Disuse may consist of decreased strength, muscular endurance, bone health, muscle atrophy (decreased muscle size), etc. This may be due to several factors including but not limited to, immobilization (such as having a cast on a limb), sedentary behavior (such as desk jobs or choosing to drive to walk-able locations), consciously or unconsciously favoring one body part over another for certain activities (opposite of over-dependence/overuse), etc.
Misuse consists of the improper use of various components or systems of the body. One major form of misuse is improper breathing technique. In my experience, about nine of every ten patients I see have an improper breathing pattern. This is no fault of each person per se, but is rather a trend resulting from the direction our westernized habits have taken us. Prolonged poor sitting postures, constant bombardment of stimuli on our nervous systems, the chronic use of various drugs (prescription, over-the-counter, and other consumables such as caffeine and alcohol) all have affected how our body carries out its breathing process. Our habits have trended towards the increased dependence on the use of what are termed "accessory muscles of respiration". Without getting too side tracked here, using these accessory muscles improperly can result in a whole host of musculoskeletal complaints. A more detailed discussion of breathing will be saved for another day.
Overuse generally follows some form of disuse. For instance, the "weekend warrior" may run too far too soon while preparing to run his or her first road race. On the other hand, someone may simply ask too much of a given muscle group in a work (overtime), or sport based (extended weekend tournament) scenario. Of course these scenarios are not all encompassing, but they do provide some insight as to what may or may not aggravate a new or pre-existing complaint.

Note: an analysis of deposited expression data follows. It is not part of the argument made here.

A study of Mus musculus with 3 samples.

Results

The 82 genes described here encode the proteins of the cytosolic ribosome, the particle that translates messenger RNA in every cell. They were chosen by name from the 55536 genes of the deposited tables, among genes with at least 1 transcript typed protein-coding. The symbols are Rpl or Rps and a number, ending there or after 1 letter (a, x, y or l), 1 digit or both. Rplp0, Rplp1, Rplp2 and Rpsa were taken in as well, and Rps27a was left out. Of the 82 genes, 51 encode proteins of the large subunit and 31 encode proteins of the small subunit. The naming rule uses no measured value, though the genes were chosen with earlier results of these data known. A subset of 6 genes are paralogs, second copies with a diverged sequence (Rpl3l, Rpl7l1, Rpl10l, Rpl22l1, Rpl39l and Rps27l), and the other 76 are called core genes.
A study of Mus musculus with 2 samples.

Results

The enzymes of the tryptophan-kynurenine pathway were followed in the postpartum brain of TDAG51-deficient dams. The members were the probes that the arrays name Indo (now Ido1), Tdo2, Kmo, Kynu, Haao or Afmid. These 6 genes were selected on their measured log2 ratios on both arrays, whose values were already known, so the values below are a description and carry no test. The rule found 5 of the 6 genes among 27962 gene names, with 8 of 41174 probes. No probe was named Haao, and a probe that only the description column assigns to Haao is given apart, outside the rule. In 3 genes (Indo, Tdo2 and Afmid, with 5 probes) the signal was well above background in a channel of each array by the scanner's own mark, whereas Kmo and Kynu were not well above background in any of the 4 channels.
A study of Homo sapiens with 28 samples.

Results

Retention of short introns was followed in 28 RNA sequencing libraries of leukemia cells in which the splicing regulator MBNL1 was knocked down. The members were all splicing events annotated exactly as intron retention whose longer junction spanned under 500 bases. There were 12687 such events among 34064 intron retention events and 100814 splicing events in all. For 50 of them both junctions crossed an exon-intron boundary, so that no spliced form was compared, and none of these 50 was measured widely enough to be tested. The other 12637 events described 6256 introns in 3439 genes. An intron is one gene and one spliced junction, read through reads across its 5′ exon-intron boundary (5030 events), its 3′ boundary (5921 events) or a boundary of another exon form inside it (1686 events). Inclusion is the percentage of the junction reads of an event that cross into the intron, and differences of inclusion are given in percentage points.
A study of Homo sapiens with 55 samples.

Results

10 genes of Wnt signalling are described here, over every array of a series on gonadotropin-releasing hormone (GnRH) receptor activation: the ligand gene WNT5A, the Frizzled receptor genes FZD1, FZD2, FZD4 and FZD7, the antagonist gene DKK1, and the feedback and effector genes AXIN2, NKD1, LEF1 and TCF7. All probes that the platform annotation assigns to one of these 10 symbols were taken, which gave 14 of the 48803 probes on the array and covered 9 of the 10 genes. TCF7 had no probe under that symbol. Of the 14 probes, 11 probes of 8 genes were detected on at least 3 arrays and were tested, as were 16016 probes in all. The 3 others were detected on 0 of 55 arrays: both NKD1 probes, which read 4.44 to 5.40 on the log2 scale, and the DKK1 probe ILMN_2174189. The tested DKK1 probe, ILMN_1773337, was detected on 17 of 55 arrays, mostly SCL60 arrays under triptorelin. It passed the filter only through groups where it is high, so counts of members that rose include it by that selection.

Abuse is some form of trauma to the body that is in many (but not all) cases difficult to prepare for. For instance, being on the receiving end of a check from behind while playing hockey, or catching a rut at the most inconvenient time of your ski run are both unfortunate and unpredictable scenarios. But the outcome of these scenarios largely depend on the body's prior conditioning and willingness to adapt to the situation (through proprioception, neural recruitment of different muscle groups, resilience of the body tissues, etc).
One thing that these four scenarios have in common (and could be argued to some degree for the "abuse" scenario) is that the body does not go from being A-OK to being in loads of pain. There is a middle ground that can be anywhere from a few milliseconds (some forms of trauma/"abuse") to decades (all four scenarios).
Part 2 and 3 of this discussion will cover various strategies to reduce the likelihood of experiencing various forms of dysfunction - therefore reducing the likelihood of experiencing a painful complaint.